Private Clouds

 
 
By Wayne Rash  |  Posted 2009-09-16 Print this article Print
 
 
 
 
 
 
 


 

Private Clouds

One way to balance security with the efficiency of the cloud is to deploy a private cloud. A private cloud is similar to the public cloud, except that it resides behind a corporate firewall to ensure that security and compliance needs are met. The Department of Defense, said Level 7's Morrison, uses one of the largest private clouds in the world.

Of course, before you can make a decision on whether to use the public cloud, a private cloud or no cloud at all, you have to know what you have and how it needs to be secured.

"Do people really know what their requirements are?" asked Dan Kusnetzky, vice president of research operations for The 451 Group. "Have they looked at the regulations and the implications on the ground for their data center?"

No matter where your data goes, said Kusnetzky, security can't be taken for granted.

 "Security is not a product that can be purchased," he said. "It's a way of life, an implementation of the proper architecture, and the proper selection of tools, programs and procedures. No product that I know of is either secure or insecure. The same is true of the cloud computing environment."

More to Come

Right now, it's unlikely that you can move your most critical information to the public cloud. However, that could soon change.

"I think the horse is out of the barn," said Current Analysis' DeCarlo. "This is something that's going to go forward. We'll see some stumbling. We've seen this with Google outages and Amazon. We've seen plenty of issues there already. But the concept is so appealing, there's no reason this won't take off. But I don't think every application will be there or mission-critical applications will ever be there."

Industry experts say providers will have to move quickly to satisfy customers' pent-up desire for cloud computing options-and security.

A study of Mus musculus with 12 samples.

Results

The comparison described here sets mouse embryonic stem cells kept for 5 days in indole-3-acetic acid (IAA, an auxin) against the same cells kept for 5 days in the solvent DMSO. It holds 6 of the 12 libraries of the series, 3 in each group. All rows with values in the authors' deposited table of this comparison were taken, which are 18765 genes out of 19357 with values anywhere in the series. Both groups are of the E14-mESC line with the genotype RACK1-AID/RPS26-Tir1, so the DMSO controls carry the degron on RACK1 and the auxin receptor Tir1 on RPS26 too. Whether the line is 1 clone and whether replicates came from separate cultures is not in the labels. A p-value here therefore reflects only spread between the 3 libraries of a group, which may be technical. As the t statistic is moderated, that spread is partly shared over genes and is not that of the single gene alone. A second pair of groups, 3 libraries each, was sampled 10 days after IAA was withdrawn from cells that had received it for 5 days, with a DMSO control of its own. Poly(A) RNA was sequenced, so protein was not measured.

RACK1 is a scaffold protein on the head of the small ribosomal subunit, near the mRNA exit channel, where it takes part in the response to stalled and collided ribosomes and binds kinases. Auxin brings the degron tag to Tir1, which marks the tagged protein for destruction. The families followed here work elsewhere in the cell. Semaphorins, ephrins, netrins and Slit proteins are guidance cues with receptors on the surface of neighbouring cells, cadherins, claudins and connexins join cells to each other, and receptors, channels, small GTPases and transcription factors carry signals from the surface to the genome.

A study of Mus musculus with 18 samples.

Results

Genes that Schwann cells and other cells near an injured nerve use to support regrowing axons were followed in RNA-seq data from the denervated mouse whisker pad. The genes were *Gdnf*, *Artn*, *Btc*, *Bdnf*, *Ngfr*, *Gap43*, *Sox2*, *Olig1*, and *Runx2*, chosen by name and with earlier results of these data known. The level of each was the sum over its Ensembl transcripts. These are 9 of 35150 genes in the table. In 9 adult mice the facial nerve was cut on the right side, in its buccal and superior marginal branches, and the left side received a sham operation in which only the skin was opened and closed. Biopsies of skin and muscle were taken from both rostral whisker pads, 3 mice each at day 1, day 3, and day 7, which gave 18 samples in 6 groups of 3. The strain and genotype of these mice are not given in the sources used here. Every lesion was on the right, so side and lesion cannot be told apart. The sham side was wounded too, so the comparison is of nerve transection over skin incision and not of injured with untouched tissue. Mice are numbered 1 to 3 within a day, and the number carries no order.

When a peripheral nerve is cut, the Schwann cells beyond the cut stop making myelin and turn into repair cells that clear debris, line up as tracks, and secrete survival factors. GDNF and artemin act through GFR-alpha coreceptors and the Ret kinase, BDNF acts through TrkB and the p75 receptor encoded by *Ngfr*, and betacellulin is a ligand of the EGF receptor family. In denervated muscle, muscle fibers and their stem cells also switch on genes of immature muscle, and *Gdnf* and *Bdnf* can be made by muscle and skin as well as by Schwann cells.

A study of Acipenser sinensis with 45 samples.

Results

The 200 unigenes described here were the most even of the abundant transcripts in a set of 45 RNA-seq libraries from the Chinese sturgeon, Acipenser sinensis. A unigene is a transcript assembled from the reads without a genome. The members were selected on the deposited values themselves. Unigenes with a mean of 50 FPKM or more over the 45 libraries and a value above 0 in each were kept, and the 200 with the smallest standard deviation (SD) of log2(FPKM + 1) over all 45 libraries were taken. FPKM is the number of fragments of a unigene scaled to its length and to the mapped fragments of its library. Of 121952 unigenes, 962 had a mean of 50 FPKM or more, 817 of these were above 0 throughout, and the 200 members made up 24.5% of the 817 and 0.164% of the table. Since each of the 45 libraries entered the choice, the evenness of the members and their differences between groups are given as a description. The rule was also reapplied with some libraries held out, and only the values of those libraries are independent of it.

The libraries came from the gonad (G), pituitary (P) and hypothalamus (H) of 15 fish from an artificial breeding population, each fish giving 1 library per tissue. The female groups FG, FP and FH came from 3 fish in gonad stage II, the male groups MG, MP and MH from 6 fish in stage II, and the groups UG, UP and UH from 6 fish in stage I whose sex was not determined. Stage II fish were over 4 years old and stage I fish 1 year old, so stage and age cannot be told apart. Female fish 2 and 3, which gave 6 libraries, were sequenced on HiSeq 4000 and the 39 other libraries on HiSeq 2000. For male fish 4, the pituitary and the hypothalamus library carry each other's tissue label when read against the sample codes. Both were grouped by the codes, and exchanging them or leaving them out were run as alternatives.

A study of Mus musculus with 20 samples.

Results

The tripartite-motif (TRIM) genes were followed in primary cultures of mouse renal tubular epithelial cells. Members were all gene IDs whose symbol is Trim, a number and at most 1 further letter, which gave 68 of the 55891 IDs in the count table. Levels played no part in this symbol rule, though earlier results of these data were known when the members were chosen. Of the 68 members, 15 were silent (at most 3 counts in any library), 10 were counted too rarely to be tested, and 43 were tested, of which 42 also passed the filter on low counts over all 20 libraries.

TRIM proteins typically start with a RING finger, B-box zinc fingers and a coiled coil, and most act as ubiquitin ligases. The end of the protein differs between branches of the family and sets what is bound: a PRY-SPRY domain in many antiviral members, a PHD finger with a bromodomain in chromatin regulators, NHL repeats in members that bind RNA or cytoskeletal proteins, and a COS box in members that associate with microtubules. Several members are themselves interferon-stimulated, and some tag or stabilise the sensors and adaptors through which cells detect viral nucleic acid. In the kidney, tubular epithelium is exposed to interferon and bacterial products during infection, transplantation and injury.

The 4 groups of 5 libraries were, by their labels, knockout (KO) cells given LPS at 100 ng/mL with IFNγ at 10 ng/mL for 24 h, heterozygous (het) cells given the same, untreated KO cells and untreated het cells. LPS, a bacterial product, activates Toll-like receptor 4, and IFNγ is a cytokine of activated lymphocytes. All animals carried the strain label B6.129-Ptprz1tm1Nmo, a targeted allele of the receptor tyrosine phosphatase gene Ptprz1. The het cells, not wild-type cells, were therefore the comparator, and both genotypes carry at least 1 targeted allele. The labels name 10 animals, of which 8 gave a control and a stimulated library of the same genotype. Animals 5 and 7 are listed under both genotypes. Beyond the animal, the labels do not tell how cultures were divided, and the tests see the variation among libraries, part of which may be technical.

"Hospitals are dying to put their data in the cloud," said Joel Smith, CTO of AppRiver, a provider of systems for cloud computing. "There needs to be some sort of meet-in-the-middle agreement. They're going to have to have providers who will allow auditors to visit the data center. Or the regulation folks will have to make some subset of rules for specific regulations."

Kusnetzky suggests that companies will start with small steps toward the cloud. "There will be people who might take some ancillary operations of their systems and try them out," he said.

Lovejoy thinks that, ultimately, cloud providers that want business from large companies will have no choice but to offer secure, compliant systems: "We're going to be evolving to the point where cloud providers aren't going to say, -I'm not going to do it.' They'll have to do it."

Contributing Analyst Wayne Rash can be reached at wayne.rash@ziffdavisenterprise.com.




 
 
 
 
Wayne Rash Wayne Rash is a Senior Analyst for eWEEK Labs and runs the magazineÔÇÖs Washington Bureau. Prior to joining eWEEK as a Senior Writer on wireless technology, he was a Senior Contributing Editor and previously a Senior Analyst in the InfoWorld Test Center. He was also a reviewer for Federal Computer Week and Information Security Magazine. Previously, he ran the reviews and events departments at CMP's InternetWeek.

He is a retired naval officer, a former principal at American Management Systems and a long-time columnist for Byte Magazine. He is a regular contributor to Plane & Pilot Magazine and The Washington Post.